It never rains but pours for the youthful Khomasdal outfit Civics Football Club, aka “The Mighty Civilians”. Brutal misfortune seems to follow the maroon and white strip outfit with devastating outcomes at every turn, with a significant number of the club’s playing personnel departing from mother earth under mysterious circumstances. The sad news about the death of one of the Civilians’ most deadly goal poachers, Hendrik “Mandla” Gamatham, has sent shockwaves among the usually easy-going Dolam and Khomasdal communities as well as the entire Namibian football fraternity. The retired Civilians’ net buster died after a short illness at the Katutura State Hospital, in Windhoek, last week.
Famously peddling the name of former Orlando Pirates (South Africa) serial goal scorer Mandla Sithole, aka “Metroblitz”, Hendrik “Mandla” Gamatham demonstrated similar killer instincts in front of goal as his South African namesake and was doubtlessly one of the most feared strikers of his generation.
The serial net-buster played a pivotal role in the incredible upsurge of the youthful Civilians outfit at the dawn of Namibia’s independence in 1990.
Your typical old-fashioned forward, Mandla, was a goal scorer of note who made the art of goal scoring look so easy, like taking candy from an unsuspecting toddler. The speedy forward was the catalyst in the Civilians firing line alongside the equally deadly striking partners Jan Cloete, Basie English, Deon Broockes, and Johannes Hoko Kasibu.
Admittedly, Mandla’s unmatched consistency, complimented by an avalanche of goals and an unbelievable ability to show up for the big occasions, propelled the Civilians to greater heights in the country’s topflight football league as the Khomasdal outfit started making serious inroads in the annals of domestic football.
History reveals that the emergence of the youthful Civilians partly contributed to the demise of another Khomasdal giant, the Young Ones Football Club, aka “The Kings at Night”. The two bitter rivals went head on for territorial supremacy, and matches between these two teams never failed to live up to expectations.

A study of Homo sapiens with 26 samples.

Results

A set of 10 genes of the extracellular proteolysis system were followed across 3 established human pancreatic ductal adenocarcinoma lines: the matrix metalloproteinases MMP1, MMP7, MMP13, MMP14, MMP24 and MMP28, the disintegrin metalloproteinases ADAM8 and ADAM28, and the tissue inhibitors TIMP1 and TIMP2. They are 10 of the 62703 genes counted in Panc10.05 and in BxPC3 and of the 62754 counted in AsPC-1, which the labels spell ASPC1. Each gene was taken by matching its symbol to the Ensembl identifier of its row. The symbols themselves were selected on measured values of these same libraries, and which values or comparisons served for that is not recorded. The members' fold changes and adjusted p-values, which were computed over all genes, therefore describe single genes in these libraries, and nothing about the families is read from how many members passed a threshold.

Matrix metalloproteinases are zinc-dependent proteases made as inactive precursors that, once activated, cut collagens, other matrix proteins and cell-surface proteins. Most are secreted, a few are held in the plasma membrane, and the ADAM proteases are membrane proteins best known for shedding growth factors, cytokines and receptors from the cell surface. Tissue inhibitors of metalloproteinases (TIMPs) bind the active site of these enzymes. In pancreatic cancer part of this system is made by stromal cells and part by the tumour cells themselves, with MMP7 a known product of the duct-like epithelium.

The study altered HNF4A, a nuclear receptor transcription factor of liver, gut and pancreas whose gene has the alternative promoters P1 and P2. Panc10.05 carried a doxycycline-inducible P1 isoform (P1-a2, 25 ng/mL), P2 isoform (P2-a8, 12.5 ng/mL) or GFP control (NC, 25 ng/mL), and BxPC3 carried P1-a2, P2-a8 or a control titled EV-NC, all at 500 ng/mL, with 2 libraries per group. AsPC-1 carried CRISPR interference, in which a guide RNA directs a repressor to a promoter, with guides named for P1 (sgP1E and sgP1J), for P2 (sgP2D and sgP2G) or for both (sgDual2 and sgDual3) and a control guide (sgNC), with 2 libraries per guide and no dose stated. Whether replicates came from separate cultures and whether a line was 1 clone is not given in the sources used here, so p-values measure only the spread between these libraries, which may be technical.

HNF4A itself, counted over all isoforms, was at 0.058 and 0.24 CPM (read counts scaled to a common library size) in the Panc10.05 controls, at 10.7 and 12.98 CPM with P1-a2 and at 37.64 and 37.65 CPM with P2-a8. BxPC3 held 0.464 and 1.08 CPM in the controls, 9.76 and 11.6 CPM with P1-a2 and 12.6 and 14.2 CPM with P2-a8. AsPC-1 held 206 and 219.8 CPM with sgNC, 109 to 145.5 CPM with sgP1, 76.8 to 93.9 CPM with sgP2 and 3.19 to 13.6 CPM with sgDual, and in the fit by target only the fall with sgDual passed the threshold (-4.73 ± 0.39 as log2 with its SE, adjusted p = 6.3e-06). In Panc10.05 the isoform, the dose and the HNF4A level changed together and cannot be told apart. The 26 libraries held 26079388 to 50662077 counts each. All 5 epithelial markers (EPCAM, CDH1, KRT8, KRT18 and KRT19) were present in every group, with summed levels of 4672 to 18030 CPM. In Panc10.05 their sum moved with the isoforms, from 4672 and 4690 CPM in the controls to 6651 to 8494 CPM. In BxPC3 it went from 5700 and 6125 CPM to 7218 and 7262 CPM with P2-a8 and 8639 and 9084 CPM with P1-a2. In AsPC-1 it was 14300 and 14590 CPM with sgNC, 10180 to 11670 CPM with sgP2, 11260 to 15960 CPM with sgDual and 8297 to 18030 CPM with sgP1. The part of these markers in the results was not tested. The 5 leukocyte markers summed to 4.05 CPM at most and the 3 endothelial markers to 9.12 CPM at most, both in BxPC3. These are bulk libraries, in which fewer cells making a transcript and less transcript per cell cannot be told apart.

And whereas Young Ones Football Club was a prominently Coloured/Baster community entity, the bulk of the playing personnel at the Civilians were from different cultural backgrounds with strong South African genes. As such, it was only befitting that the team’s trademark playing style connected perfectly with “Kasi Football”.
Prominent footies such as Basie English, Brian “Oubaas” Isaacs, Willem “Om Joep” Cloete, Elgin “Sputla” Masite, Ricardo “Bucksy” Manetti, Stanley “Tiger” Goagoseb, Jeremy “Majier” Zimmer, Johannes Hoko Kasibu, William Chilufwa, Floris “Squirrel’ Diergaardt, Mac Camm, Johannes Mabos “Vialli” Ortmann, Eugene “Rex” English, Costa Khaiseb, and Donnelly Nell, certainly left their mark in the annals of domestic football.
Well, Mandla might not have been handsomely blessed with the skills and flamboyance of fellow strikers Kosie Springbok, Lance “Jakkals” Willemse, Deon Broockes, or Joseph “Draaitjies’ Martin, but the boy from Dolam was a class act; he knew the exact route to the goalposts, indeed a goal scorer par excellence, scoring unexpectedly from tight angles with ease.
The much-travelled former Civics forward Johannes Hoko Kasibu, describes his ex-teammate as a complete package who could have played abroad had independence come during his prime.
“I was fortunate to play alongside Mandla at Civics. The boy was a clinical finisher with brilliant ball control, complimented by great technique. From what I was told, he went through the polished hands of an astute football coach, the late Hans Dios “Zebbo” Engelbrecht, during his formative years, and one could see he was well-coached about the finer points of the game”.
Mandla honed his football skills in the dusty streets of Dolam, a section of Katutura in the northern part of Namibia’s commercial hub, Windhoek. He played for youthful Dolam outfit Iwisa alongside the legendary Reinhardt “Wagga” Goagoseb, excelling in the hotly contested unofficial knockout cup tournaments.
The deadly attacker ended his playing career with a short-lived stint at Donkerhoek outfit Tigers Football Club following his shock departure from the smooth-sailing Civilians.
Regrettably, as has become customary among many former footies, Bro. Mandla endured some hardships upon retirement from competitive football, cutting the sight of an abandoned child.
This once again brings to the fore much-needed proposals to establish a fund or organisation that would take care of retired players when their playing days are gone. Let us give people their flowers while they are still breathing. Hendrik “Mandla” Gamatham is now reunited with a significant chunk of former teammates from the Civilians who have all exited the game of life while still at the pinnacle of their flourishing playing careers in the following sequence;
Pekara Kaaheke, Eugene “Rex” English, Deon Scural Ralla Klaaste, Richard Ventura, Lucas Orr, Victor Helu, Bobby Kaapama, Franklin “Pielle” April, Deon Broockes, Gilbert “The Beast” Mazembe, Reggie Willemse, Patrick Jaegger, Lucky Maselesele, club stalwarts Izaak “Om Jeep” Daries, and Uncle Bronny Willemse. May their souls continue to rest in collective power.